Florida teachers sue state over anti-union law

The law targets teachers over other professions for changes in union certification.

CREDIT: Getty Images
CREDIT: Getty Images

Florida teachers are challenging a state union-busting bill that passed in March and officially went into effect on Sunday. On Monday, local teacher organizations, individual teachers, and the Florida Education Association sued the state over the law.

The measure, which was part of an omnibus education bill, HB 7055, says that unions would be decertified if they can’t reach at least 50 percent of the instructional personnel employees eligible for representation. That means they won’t have collective bargaining power to negotiate for things like higher wages and other conditions of employment.

Florida is a right-to-work state, meaning employees aren’t required to pay union dues or be a union member. Lawmakers who voted for this measure likely knew that by requiring 50 percent of teachers to pay dues or have their unions face decertification, they would significantly undermine teachers unions. Employees who “free ride” or benefit from the union services without paying dues are held against the union. 

In the lawsuit, which was filed in Leon County Civil Court and names defendants as the Florida Public Employees Relations Commission, teachers say they have been unfairly targeted.


‘We’re not feeling defeated. We’re feeling angry and we’re ready to do something about it. We’re tired of being the target of legislators,” Melissa Rudd, Wakulla teacher organization president, a plaintiff in the lawsuit, told the Tampa Bay Times.

The lawsuit argues that the legislature violated the state’s single subject requirement by passing the law. Florida’s constitution says that every law “shall embrace but one subject and matter properly connected therewith, and the subject shall be briefly expressed within the title.”

The union-busting measure was originally in House Bill 25, which made clear that it did not apply to unions for law enforcement officers, correctional officers, or firefighters. The bill was withdrawn from consideration in March and did not receive a hearing in the Senate. The measure only succeeded as part of the omnibus bill, which as the lawsuit filed Monday notes, includes subjects that don’t have any very much of relationship to each other.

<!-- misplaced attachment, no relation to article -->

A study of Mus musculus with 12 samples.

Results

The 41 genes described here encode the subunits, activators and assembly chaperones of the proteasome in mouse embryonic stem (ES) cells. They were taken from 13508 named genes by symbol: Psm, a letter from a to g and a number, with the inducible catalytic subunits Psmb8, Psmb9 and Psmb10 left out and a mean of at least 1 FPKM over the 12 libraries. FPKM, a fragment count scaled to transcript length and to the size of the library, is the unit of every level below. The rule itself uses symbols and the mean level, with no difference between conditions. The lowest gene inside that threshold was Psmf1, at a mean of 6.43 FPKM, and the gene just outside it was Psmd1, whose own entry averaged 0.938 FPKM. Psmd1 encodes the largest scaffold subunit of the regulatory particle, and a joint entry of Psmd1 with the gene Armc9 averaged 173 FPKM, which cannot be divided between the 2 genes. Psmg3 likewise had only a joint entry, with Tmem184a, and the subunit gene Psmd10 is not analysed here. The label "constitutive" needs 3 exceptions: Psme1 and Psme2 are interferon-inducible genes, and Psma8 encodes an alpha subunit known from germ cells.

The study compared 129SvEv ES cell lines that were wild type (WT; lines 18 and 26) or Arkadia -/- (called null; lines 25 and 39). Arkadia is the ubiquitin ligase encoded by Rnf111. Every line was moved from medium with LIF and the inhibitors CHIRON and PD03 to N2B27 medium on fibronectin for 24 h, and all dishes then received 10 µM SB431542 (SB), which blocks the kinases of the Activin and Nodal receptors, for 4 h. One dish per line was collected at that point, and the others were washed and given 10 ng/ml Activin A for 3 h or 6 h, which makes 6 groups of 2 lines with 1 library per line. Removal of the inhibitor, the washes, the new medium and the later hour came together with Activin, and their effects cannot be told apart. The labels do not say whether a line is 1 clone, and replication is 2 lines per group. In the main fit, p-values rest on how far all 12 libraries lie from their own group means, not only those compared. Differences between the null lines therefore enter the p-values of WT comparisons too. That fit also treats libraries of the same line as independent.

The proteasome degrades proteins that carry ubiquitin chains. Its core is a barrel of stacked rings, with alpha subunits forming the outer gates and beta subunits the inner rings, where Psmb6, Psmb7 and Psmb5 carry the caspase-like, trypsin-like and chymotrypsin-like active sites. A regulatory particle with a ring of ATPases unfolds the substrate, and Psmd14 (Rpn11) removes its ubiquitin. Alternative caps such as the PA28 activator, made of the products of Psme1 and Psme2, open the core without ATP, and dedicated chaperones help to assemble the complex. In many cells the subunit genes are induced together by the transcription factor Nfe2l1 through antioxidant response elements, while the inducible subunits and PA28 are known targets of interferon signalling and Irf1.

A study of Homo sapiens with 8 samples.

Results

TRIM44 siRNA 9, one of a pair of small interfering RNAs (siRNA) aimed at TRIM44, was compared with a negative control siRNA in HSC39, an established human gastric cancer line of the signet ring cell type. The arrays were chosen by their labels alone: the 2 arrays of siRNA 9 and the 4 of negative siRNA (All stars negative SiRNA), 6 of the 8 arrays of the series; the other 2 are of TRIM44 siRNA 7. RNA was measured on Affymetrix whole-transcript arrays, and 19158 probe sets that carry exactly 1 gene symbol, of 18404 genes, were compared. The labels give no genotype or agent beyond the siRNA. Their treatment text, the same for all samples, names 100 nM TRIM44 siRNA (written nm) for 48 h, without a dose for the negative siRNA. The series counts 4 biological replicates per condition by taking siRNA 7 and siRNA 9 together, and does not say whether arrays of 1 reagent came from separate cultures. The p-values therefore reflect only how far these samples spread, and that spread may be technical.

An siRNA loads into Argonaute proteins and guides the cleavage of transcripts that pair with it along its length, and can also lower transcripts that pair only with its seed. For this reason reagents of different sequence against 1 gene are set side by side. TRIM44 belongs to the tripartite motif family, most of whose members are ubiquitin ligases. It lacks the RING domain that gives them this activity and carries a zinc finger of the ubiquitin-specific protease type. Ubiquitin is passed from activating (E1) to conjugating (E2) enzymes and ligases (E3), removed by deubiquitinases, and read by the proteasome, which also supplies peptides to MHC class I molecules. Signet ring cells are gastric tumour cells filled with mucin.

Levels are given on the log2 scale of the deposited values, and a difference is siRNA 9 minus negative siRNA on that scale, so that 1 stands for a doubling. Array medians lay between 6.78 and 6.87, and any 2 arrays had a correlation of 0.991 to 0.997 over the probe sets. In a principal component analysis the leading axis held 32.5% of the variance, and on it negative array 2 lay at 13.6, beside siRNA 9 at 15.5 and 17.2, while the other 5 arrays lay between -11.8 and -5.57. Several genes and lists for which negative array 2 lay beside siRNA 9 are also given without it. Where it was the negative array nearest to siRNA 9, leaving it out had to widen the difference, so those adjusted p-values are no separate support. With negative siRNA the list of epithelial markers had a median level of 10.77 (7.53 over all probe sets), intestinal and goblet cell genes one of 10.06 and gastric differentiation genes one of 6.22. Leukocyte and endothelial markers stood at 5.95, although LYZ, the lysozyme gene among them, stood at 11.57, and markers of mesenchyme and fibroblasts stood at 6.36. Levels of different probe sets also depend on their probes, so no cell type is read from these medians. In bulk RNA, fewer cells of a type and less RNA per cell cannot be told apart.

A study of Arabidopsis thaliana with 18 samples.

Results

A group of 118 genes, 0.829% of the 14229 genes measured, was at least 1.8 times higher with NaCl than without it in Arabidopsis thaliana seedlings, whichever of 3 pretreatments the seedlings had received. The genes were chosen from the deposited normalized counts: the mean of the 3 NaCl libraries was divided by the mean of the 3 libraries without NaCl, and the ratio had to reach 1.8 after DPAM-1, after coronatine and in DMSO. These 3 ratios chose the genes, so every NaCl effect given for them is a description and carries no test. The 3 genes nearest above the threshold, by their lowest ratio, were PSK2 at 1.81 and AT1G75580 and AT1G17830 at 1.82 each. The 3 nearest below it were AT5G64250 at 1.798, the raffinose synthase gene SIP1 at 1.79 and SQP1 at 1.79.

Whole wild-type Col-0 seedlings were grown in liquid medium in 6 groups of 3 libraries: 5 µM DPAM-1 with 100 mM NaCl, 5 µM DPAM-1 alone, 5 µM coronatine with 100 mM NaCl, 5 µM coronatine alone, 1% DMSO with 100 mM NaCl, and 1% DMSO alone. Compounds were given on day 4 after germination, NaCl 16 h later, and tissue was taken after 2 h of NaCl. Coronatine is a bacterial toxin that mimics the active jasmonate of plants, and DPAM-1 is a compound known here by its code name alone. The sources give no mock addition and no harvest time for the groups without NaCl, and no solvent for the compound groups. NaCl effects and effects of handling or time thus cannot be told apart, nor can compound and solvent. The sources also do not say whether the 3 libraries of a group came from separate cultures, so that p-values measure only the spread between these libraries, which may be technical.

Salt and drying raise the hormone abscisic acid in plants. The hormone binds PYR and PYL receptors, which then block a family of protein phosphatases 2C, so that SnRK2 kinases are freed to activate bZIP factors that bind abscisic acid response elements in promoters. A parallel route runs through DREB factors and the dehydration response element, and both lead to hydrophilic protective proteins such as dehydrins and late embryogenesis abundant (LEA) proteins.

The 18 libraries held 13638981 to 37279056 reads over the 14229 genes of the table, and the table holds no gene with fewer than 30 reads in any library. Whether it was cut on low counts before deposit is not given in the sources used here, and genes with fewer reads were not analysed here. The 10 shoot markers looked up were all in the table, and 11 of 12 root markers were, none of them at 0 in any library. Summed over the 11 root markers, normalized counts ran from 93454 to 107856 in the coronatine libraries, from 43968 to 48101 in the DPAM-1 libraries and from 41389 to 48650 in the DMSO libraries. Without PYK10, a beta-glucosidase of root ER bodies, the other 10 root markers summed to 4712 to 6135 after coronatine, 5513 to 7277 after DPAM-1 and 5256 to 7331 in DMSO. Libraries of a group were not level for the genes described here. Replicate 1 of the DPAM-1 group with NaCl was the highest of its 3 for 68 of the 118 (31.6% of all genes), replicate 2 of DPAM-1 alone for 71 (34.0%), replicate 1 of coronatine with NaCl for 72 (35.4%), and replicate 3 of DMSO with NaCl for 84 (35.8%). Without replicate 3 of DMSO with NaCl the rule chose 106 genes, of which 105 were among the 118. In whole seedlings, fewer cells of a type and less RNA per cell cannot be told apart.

The complaint adds that there is “no compelling state interest to treat instructional staff members of public school boards in a manner from all other classes of public employees.”

If the court sides with teachers, there would be implications for other measures in the legislation, including a school choice scholarship program for harassed students  to transfer to another public school or an eligible private school, modifications to the Florida Tax Credit Scholarship Program, and an initiative that allows principals who are considered highly effective to manage multiple schools within a certain zone.


HB 7055 is similar to attacks on unions in other states. In Wisconsin, Act 10 mandates unions go through recertification every year and that unions must have support from the majority of employees in the bargaining unit. 

If this strategy of wounding teachers unions spread to even more states, the results could be devastating, particularly after the U.S. Supreme Court’s decision in Janus v. AFSCME last week, which held that public sector workers who aren’t union members still have a constitutional right to get union representation without “agency fees” or “fair share fees.” Before Janus, these workers could say they refuse to give money to union political activities but could still be required to contribute to the union for its services.